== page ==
Are you ready to rumble?
A stressful and contentious legislative session is expected this year.
Although the state’s 97th legislative session began last week, little in the way of actual legislating will occur until Gov. Rick Snyder delivers his State-of-the-State address this week. Then it might be a Katie-bar-the-doors session such as hasn’t been seen in Lansing since John Engler lived in the governor’s mansion and introduced the concept of charter schools to Michigan’s public education system.
“This is going to be a very difficult legislative session. The Democratic caucus is still very angry,” said Becky Bechler, of Public Affairs Associates, which represents Kent County’s interests in Lansing.
Democrats, of course, are seething over how Republicans pushed the right-to-work legislation to the governor’s desk, by using a lame duck session and locking the Capitol Building doors after filling the available seats with supporters. “Democrats are unhappy with how that issue came up,” Bechler said.
But she pointed out that legislators might not be the only ones at each others’ throats this year. She said there may be some real tension between Snyder and GOP House members over a few issues. “I think this could be a very challenging year and very little might get done.”
What is likely to be first and foremost on the session’s agenda are the operating and school budgets. The Senate Fiscal Agency is projecting general and school-aid funds will fall nearly 2 percent, or $372 million, short of last May’s revenue projection.
On top of that, the state is set to make a $354 million payment to catch up on its funding of retirees’ health insurance coverage. Also, Lansing will have to come up with another $46 million that lawmakers appropriated to the wave of bills they passed in December, including the $1 million they attached to RTW.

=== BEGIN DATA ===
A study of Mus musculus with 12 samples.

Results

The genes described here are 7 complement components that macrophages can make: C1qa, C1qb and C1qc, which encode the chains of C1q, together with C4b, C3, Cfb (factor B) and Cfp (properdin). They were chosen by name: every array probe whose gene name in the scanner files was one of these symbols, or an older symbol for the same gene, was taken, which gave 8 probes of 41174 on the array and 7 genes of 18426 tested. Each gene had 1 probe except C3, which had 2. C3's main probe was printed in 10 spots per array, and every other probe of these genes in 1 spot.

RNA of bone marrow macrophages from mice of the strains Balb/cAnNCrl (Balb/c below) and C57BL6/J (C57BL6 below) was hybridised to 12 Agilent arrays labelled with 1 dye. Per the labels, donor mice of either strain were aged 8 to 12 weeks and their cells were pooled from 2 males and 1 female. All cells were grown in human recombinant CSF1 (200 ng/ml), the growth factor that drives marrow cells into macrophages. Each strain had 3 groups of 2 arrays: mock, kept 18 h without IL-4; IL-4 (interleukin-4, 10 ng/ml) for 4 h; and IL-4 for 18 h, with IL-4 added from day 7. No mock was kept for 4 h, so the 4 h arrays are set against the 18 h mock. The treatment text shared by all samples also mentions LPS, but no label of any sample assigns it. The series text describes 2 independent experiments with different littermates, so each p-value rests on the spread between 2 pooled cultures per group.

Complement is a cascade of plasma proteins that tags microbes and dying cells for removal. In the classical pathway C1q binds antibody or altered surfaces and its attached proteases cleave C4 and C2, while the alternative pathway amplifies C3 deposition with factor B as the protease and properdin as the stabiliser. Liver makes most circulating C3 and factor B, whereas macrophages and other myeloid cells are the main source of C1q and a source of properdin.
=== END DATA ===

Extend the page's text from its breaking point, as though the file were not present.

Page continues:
“That’s always a big concern. We’re already in a difficult situation with the budget,” said Bechler to the county’s Legislative Committee. A revenue-estimating session was held last Friday and Snyder will release his budget recommendations Feb. 7.
There may be a good chance lawmakers will finally take up transportation funding in this session, something Snyder and the Grand Valley Metro Council, the region’s transportation planning agency, have been patiently waiting for them to do.
“It looks like this is going to be front and center,” said Bechler, who expects it will take seven or eight bills in a package to get there.
So far the plan is to raise the state’s gasoline tax and vehicle registration fee to the point where both will guarantee $1.6 billion in annual transportation revenue. Once that’s done, legislators will try to put a two-cent sales tax increase on the ballot, with the extra tax amount going into the transportation pot. If voters approve the sales-tax hike, then the gas tax would be repealed.
A lesser known but still important issue could also be dealt with this session. The Health Insurance Claims Assessment has pretty much been a bust as a way to meet the state’s Medicaid match. As of last month, Bechler said it fell $144 million short of meeting its projection. Not meeting it means the budget for the Department of Community Health, which oversees Medicaid, isn’t healthy.
“It’s something the business community reluctantly went along with,” said Bechler.
Bechler added that some lawmakers tried to raise the assessment in December but there wasn’t any traction for doing it.
Some sort of education reform, especially involving Detroit’s schools, could be on the agenda this year. The ongoing Blue Cross Blue Shield restructuring, a new energy policy, a reform of the no-fault auto insurance law and a tidy-up of the state’s new personal property tax phaseout could also make the session’s agenda.